Tuesday, November 3, 2009

Apple walnut braid

Here's another Beth Hensperger bread recipe.  The original recipe contained real milk, all white flour and eggs, and while I made substitutions for the first two, I was afraid not to use eggs.  I should point out that I generally don't have a problem with free-range and organic eggs as long as I really know where they came from; I just don't eat them often because they cost an arm and a leg!  I had been craving this type of bread for a while before I made it, and since this recipe produces two huge braided loaves, I've still got some in the freezer for the occasional craving.
Fresh apple-walnut braid

1 tablespoon (1 package) active dry yeast (or 2 tablespoons fresh yeast)
2 tablespoons brown sugar
1 cup warm water (105° to 115°)
1 cup warm soy milk (105° to 115°)
3 cups all-purpose or bread flour
3 to 3.5 cups whole wheat flour
2 large tart apples, cored and coarsely chopped (2 or 3 cups)
1/2 cup raisins or dried currants
1/2 cup coarsely chopped walnut pieces
2 tablespoons walnut oil (or olive oil)
2 eggs
2 teaspoons ground cinnamon
1/2 teaspoon ground nutmeg
1/2 teaspoon ground allspice
1 tablespoon salt

1) In a large bowl with a whisk or in the bowl of a heavy-duty electric mixer fitted with the paddle attachment, combine the yeast, brown sugar, warm water, warm soy milk, and 2 cups of all-purpose flour.  Beat until smooth, about 1 minute.  Cover the bowl loosely with plastic wrap and let stand at room temperature until bubbly, about 1 hour.

2) Add the apples, raisins, walnuts, oil, eggs, spices, salt and 1 cup more of the flour.  Beat until creamy, about 2 minutes.  Add the remaining flour, 1/2 cup at a time, until a soft dough is formed that just clears the sides of the bowl, switching to a wooden spoon if necessary.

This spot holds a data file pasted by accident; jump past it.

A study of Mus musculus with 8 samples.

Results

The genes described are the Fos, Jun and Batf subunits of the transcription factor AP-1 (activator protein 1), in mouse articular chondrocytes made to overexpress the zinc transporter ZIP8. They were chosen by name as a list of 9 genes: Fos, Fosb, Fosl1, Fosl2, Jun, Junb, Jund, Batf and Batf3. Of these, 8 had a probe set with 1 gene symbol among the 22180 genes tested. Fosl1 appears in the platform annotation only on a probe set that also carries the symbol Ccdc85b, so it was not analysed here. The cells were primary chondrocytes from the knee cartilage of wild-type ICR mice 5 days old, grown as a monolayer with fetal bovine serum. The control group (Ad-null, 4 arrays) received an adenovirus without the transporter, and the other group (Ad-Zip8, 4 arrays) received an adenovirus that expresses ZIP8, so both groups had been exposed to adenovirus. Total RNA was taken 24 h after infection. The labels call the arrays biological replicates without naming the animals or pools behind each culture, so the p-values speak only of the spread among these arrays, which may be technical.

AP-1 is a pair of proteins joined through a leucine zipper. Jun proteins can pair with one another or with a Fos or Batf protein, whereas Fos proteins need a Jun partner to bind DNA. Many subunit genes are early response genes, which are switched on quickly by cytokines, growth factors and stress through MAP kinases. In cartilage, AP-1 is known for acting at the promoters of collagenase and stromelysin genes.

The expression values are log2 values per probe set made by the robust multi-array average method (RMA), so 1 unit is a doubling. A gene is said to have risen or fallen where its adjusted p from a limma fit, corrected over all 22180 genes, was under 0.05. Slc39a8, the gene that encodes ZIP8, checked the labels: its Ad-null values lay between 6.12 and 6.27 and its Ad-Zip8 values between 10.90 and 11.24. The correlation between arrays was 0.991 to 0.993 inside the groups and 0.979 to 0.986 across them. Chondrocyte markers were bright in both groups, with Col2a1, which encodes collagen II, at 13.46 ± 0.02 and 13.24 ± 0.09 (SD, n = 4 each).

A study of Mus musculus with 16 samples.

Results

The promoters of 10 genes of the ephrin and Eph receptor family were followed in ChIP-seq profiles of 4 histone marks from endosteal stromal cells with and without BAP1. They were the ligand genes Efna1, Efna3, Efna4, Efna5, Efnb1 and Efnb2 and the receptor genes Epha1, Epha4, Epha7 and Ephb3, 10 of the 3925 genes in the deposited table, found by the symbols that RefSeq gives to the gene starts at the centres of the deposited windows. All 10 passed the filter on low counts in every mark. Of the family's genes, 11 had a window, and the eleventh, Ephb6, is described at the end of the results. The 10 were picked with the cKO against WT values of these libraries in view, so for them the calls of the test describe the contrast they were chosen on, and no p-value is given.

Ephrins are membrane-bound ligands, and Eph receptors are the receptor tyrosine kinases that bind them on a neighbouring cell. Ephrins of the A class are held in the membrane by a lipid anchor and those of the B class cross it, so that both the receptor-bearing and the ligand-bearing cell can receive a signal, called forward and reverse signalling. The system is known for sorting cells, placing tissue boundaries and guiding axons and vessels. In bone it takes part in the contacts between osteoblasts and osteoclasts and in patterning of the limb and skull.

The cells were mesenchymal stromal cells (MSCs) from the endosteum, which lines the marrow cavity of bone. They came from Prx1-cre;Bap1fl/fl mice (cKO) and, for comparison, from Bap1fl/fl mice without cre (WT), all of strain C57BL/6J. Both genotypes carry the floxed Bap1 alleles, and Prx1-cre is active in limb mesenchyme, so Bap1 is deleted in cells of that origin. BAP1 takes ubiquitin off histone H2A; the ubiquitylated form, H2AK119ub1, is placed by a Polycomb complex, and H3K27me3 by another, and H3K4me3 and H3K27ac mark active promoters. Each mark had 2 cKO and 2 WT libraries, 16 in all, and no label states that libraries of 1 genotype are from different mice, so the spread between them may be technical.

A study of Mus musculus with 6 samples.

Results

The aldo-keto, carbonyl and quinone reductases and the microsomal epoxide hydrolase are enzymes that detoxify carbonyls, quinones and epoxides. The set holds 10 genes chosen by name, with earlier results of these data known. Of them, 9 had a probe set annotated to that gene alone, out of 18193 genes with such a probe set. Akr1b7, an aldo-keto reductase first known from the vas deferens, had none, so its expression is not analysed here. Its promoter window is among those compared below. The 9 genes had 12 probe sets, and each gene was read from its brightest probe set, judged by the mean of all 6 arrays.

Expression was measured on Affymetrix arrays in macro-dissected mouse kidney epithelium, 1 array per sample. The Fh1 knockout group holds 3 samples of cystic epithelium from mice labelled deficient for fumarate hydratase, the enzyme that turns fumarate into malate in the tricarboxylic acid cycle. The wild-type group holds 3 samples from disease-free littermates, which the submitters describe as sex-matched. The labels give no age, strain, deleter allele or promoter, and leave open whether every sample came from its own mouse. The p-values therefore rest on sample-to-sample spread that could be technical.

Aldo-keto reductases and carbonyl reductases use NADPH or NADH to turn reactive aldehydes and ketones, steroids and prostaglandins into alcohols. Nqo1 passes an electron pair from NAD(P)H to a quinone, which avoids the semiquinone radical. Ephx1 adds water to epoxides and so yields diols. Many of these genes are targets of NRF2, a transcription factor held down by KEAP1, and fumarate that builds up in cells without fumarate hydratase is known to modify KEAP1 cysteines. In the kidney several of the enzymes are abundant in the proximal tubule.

3) Turn out the dough onto a lightly floured work surface and knead until smooth and springy yet firm, about 3 minutes, adding only enough flour to prevent from sticking.  Place into a lightly oiled container, turn once to coat the top, and cover with plastic wrap.  Let rise at room temperature until doubled in bulk, 1.5 to 2 hours.

4) Turn out the dough onto the floured work surface and divide into 6 equal portions.  Roll each portion into a long, fat strip with tapered ends.  Lay three strips side by side and braid (this takes a few tries to get it right).  Pinch the ends of the braid together and tuck them under.  Repeat to make the second loaf.  Place the loaves in 2 greased loaf pans.  (I used a large sort of roasting pan and an oval casserole dish; whatever the bread fits into works).  Cover loosely and allow to rise at room temperature for about 45 minutes.  Twenty minutes before baking, preheat the oven to 350°F (175°C).

5) Bake in the center of the preheated oven until the loaves are browned and sound hollow when tapped, 45 to 50 minutes.  Remove from the pans immediately and allow to cool completely before slicing.